Split Screen Capabilities
This Epson not only can use Epson's Moderator software to put up to four sources on the screen at once (a local network needed) in different windows, it can also do Split Screen.
Although this image is not from the PC1985, most other Epson bright room projectors have the same split screen functionality. Shown here with one of the split-screen menus up, is a computer source on the left, HDTV on the right.
With Split screen you can display two sources at the same time. The only real downside, one that seems to be standard with split screen supporting projectors, is that you can't use HDMI 1 and HDMI2 as the sources. Only one HDMI can be used, the other source can be just about anything else, from component video, to a PC (analog computer input), to Display USB, to streaming with Miracast.
When you are split screening, you have a choice of image sizes. Both images can be the same size, or one can be about twice the size of the other. The larger one can be on the left or right, and you can switch sources from one side to the other. Overall, other than that one limitation of not using two HDMI inputs, it's very capable and flexible. I've put up my MacBook Pro signal (by outputting an analog computer, using adapter from the HDMI port), next to the HDMI source from my cable box, in order to view my fantasy football tracking on my Mac, in the smaller window while having a game playing in the larger one. Bottom line: Epson's split screen is a fun extra feature, just be sure to figure out your wiring so you can get two up there without them both being HDMI.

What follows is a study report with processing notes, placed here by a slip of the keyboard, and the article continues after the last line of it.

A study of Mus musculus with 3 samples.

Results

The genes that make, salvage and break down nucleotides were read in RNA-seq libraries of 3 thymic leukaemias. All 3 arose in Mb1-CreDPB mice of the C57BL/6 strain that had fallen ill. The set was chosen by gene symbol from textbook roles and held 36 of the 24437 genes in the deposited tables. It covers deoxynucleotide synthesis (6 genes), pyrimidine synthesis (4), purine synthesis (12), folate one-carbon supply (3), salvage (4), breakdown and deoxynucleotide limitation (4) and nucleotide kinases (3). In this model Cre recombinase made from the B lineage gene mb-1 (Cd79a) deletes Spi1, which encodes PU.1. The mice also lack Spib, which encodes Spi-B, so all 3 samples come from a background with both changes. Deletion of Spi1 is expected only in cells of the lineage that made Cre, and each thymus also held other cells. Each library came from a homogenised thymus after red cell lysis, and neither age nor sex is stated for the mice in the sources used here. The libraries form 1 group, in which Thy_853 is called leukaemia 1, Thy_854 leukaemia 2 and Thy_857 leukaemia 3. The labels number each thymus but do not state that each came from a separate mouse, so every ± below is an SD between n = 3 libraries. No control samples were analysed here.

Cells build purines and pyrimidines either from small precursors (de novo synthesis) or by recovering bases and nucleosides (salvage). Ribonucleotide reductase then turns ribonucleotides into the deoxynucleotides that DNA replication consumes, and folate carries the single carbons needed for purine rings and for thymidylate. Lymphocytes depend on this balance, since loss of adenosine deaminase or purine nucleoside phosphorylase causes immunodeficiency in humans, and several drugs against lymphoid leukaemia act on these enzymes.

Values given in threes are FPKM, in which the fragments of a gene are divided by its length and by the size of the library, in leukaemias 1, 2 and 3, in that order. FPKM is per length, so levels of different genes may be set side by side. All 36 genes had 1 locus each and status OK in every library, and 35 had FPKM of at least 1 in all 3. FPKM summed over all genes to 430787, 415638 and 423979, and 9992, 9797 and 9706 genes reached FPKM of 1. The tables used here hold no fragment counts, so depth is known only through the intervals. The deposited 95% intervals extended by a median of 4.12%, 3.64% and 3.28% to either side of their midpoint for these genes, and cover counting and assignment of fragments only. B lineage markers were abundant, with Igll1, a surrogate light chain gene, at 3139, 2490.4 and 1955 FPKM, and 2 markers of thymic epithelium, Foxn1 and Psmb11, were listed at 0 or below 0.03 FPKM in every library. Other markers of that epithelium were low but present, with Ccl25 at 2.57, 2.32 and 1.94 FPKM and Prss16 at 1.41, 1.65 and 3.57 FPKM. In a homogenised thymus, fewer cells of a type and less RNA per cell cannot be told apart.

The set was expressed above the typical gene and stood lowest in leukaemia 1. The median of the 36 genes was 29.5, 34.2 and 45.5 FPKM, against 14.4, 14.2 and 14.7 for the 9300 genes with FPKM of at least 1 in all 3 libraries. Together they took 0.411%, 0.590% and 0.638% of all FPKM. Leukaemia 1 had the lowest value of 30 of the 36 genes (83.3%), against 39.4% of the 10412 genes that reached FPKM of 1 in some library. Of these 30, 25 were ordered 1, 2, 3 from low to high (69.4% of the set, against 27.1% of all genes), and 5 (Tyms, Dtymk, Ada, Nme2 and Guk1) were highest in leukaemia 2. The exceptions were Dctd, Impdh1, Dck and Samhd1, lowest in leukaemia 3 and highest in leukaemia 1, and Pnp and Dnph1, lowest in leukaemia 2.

PC Free Presenting
The Pro Cinema 1985W offers basic PC Free presenting by way of an onboard media player. The 1985W supports image files and PDF, but is not as extensive as some, as it does not support Microsoft Office formats. This feature can be used to display those images wirelessly, or you could plug in a USB thumb drive with the images on it.
It's actually a very simple way to quickly view photos from your digital camera if they are in a standard format such as JPG. Now I mostly use for photography, either an iPhone, or my dSLR. For work purposes when using the dSLR, I shoot in Canon's raw file format (.CR2), but I usually have my camera set to also store them in a medium JPG format, so I can view the images on an Epson projector. (My G series Epson has the same feature.) I can copy my photo images from my SD card to a USB drive, OR, transmit them wirelessly from the SD card once plugged into my laptop, OR, I can plug in a basic media card device (that you can plug in SD, XD CompactFlash, micro-SD, and other cards, with a USB connector on the other end) into the 1985's USB input.
Bottom line: The PC presenting can be used for serious things, such as displaying a Powerpoint presentation as a series of JPGs, but it also works great to view your photos wirelessly from a computer, or using USB or media cards via USB input. There are auto features to run the slide show, timing and basic effects.